This Royal College of Nursing (RCN) report identifies ten key challenges to the provision of high quality care in care homes. These are:
1. Funding and Admissions
Lack of funding affects the types of residents that care homes accept:
- People are admitted with more severe and complex care needs, but with inadequate funding to meet their needs as both social care and Continuing Health Care (CHC) eligibility criteria are become stricter.
- Inappropriate residents (i.e. those whose needs a care home may be inadequately equipped) are accepted to fill vacant places.
- Care homes show an increasing preference for self-funding residents due to the low fees paid by local authorities and cuts to CHC budgets. Some care homes balance low fees from local authorities by taking only residents who can make top-up payments privately; with obvious implications for equality of access to care.
2. Staffing Levels
Shortage of care assistants and registered nurses is reported commonly; yet the lack of guidance on staffing levels in care homes makes it hard to quantify the extent of this problem. The care delivered may fall below nurses’ expectations, and this impairs the ability of homes to meet the needs of residents with high dependency and complex needs.
3. Appropriate Skill Mix
Lack of guidance around appropriate ratios for registered nurses and health care assistants makes it hard to quantify the extent of this problem.
4. Recruitment and Retention
There is growing concern about high turnover and difficulties in recruiting staff with the right skill mix.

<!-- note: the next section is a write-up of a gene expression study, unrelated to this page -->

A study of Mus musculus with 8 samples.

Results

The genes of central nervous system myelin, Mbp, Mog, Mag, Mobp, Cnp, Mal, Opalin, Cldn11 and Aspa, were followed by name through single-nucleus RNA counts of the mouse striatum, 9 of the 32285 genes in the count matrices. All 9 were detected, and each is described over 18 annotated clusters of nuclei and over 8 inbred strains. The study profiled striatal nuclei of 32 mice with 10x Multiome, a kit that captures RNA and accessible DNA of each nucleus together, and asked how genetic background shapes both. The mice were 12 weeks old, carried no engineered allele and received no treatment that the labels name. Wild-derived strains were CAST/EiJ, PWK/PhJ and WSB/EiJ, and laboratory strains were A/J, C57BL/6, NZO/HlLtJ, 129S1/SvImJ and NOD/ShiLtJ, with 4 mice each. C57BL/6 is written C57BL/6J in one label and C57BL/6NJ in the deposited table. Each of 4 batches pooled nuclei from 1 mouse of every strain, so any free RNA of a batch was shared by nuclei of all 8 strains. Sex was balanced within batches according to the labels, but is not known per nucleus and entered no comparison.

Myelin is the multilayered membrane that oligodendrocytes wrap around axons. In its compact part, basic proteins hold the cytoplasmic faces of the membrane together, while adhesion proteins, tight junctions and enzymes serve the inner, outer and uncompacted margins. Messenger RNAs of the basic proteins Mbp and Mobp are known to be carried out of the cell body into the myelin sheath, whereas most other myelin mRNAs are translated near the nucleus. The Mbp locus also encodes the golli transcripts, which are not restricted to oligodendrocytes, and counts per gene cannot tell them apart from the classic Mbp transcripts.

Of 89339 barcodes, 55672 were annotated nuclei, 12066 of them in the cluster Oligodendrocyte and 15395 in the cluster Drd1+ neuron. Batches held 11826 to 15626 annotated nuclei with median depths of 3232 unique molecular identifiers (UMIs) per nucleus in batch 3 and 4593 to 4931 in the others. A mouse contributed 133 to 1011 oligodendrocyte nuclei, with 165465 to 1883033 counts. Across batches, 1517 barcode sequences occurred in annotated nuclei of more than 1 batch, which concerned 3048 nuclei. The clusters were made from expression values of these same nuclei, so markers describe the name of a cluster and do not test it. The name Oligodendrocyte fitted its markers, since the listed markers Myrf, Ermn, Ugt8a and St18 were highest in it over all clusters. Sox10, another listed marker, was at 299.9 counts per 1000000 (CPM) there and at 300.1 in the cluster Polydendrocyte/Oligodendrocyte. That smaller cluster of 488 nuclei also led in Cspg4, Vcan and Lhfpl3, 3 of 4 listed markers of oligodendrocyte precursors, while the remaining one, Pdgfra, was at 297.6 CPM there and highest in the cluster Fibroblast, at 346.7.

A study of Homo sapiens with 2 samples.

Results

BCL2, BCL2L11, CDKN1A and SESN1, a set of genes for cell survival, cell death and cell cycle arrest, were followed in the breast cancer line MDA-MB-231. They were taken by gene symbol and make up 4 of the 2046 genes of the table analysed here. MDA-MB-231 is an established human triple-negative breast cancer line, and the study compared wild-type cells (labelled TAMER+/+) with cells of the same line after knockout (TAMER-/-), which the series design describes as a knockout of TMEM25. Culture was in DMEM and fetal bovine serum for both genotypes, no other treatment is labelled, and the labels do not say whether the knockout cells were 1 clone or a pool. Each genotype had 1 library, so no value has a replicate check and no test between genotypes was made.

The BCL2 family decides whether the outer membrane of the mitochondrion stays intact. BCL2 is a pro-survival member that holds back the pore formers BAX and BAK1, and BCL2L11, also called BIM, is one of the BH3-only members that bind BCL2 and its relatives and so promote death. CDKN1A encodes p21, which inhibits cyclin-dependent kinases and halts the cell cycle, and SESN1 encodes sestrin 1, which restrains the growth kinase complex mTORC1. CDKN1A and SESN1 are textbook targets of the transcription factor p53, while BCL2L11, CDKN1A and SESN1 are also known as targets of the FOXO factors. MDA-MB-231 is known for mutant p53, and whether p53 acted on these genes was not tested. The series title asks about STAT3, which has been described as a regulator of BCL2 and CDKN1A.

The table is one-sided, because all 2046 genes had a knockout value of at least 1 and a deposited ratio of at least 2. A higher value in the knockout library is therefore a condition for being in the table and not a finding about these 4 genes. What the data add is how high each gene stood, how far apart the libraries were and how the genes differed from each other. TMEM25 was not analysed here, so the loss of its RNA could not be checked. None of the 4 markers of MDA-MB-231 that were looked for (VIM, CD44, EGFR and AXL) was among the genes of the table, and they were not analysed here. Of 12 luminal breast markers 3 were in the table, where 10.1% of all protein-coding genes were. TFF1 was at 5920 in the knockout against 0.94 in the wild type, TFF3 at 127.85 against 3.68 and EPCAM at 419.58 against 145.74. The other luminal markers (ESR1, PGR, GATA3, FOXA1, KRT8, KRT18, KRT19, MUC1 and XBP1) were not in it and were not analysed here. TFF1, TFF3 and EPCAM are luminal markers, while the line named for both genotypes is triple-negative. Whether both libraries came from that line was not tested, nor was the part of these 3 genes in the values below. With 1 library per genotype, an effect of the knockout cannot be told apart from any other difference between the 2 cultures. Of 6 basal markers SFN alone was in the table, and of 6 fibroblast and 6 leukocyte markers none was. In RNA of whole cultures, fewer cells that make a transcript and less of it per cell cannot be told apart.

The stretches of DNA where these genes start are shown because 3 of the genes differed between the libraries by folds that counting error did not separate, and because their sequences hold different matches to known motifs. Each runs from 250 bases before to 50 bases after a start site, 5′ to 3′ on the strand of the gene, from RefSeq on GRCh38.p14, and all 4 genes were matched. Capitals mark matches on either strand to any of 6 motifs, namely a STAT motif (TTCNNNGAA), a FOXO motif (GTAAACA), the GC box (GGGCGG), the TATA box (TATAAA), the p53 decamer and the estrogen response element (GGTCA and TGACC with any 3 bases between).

“Due to the constant staff turnover further staff are employed that have no experience and most importantly no ongoing training in basics such as adequate manual handling [or] dementia awareness…”
Errors may be overlooked by management so that staff do not leave. The use of agency and bank staff could impact on safety, care quality and continuity of care.
Carers’ low pay, often at the minimum wage, £6.08 for workers aged 21 and over and £4.98 for workers aged between 18-20 may be the main cause of recruitment and retention problems regarding carers in homes.
5. Low Morale and Extreme Pressure
Inadequate funding, staffing levels and low pay take their toll (see above).
6. Lack of Training
The report mentions:
“a lack of funding to provide training, particularly to provide anything above and beyond statutory training and more advanced or specialist training (i.e. catheterisation, ECG, IV therapy or dementia care)”.
7. Lack of Equipment
8. Inspections and Bureaucracy
Some nurses allege that there may be unintended consequences arising from CQC inspections. Discharge planning may create a large amount of bureaucracy, which can be duplicative, time-consuming and takes care staff away from frontline care.
9. Care Home Culture and Concerns About General Management
Organisations and / or general management may be suspected of being driven by the profit-motive rather than providing high-quality care. Poor general management is a common frustration, with a perceived failure to engage the experience of frontline care staff. Management may not support nurses or take them seriously when they report concerns regarding care of residents.
10. Difficulties Working With Professionals From Other Sectors
There may be inadequate out of hours support for residents needing medical attention. A cultural divide may exist, resulting in care home nursing staff not being respected or valued as highly (compared with nursing staff in the NHS).
Royal College of Nursing (2012). Persistent challenges to providing quality care: an RCN report on the views and experiences of frontline nursing staff in care homes in England. London: Royal College of Nursing, March 2012.